The question arose - in The Loop chat - because Automattic now acquired Woocommerce. Personally I don't think that this makes Woocommerce a first party plugin. We don't consider all those other Automattic plugins automatically on topic, right? Besides - in my mind - the question of first or third party has to be mainly answered from the perspective of the asker. But enough talk: What are first party plugins?

3 Answers 3


Automattic's business and properties are irrelevant to our scope.

The only first party plugins would be those that are part of WordPress org project.

As of right now that would be:

  • plugins which are de-facto part of core experience, such as native importer
  • feature plugins, slated for core inclusion

I think we had historically treated BuddyPress and bbPress as such too, but their current status as part or not part of org project is murky, to my knowledge.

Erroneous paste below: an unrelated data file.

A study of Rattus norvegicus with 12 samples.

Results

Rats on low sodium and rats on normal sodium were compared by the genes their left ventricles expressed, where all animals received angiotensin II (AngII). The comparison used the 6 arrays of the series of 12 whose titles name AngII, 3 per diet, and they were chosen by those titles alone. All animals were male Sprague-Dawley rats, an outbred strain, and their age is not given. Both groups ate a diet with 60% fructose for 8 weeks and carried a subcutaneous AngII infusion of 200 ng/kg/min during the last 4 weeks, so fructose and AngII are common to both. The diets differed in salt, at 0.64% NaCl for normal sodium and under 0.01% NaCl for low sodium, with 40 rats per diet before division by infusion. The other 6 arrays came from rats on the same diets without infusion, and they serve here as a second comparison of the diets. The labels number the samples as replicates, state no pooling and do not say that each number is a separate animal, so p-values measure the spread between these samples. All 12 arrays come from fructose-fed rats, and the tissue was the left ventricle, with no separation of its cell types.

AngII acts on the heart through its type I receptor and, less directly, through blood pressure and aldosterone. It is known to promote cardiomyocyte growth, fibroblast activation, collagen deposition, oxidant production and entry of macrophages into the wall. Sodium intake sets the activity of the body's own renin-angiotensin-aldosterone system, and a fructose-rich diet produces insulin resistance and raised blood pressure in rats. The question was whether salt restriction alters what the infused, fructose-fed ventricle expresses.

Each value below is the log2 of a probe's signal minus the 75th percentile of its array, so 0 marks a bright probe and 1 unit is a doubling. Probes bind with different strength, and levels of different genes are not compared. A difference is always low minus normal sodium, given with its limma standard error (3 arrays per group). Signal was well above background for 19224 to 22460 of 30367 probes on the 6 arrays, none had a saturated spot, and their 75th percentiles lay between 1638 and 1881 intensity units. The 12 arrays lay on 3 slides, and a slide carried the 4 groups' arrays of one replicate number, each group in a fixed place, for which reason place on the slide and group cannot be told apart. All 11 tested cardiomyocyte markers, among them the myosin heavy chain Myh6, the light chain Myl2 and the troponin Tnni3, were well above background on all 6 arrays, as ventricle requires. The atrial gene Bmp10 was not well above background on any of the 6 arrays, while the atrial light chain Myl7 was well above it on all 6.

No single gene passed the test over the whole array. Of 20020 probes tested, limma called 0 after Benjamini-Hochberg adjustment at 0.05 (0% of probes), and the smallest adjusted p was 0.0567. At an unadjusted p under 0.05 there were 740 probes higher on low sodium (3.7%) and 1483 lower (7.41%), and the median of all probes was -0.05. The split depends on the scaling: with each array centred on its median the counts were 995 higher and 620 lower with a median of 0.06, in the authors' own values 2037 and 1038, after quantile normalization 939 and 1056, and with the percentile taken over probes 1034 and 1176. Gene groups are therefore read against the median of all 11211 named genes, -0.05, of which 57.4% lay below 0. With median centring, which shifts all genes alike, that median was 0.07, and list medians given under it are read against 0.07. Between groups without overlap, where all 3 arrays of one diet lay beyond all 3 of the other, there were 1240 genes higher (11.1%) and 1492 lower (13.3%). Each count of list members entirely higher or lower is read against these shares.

Worth mentioning that some projects seem to be commonly accepted in scope due to their unique role or functionality. WP CLI comes to mind, despite not being org project it's uniquely important for managing WP in command line environment.


As an Automattician, and one who's just acquired a large number of new colleagues, I would say no.

Most of the Jetpack is first party crowd are working under the assumption that WordPress is an Automattic venture, built by and for Automattic and opensourced out of their kindness, which as most of us know is false.

The only first party plugin I would consider is Hello Dolly, first party themes being the default themes. Otherwise the whole concept of first party is meaningless for our purposes and has no use


That's an oxymoron: The first party is the WordPress core, the second is you, the developer. So there are just second-party plugins (besides Hello Dolly) which are on-topic and third-party plugins, made by others, which are currently not on-topic. I think, they should be, but that's another question …

As long as WooCommerce is not part of the core or the asker is not one of its core developers, it is third-party.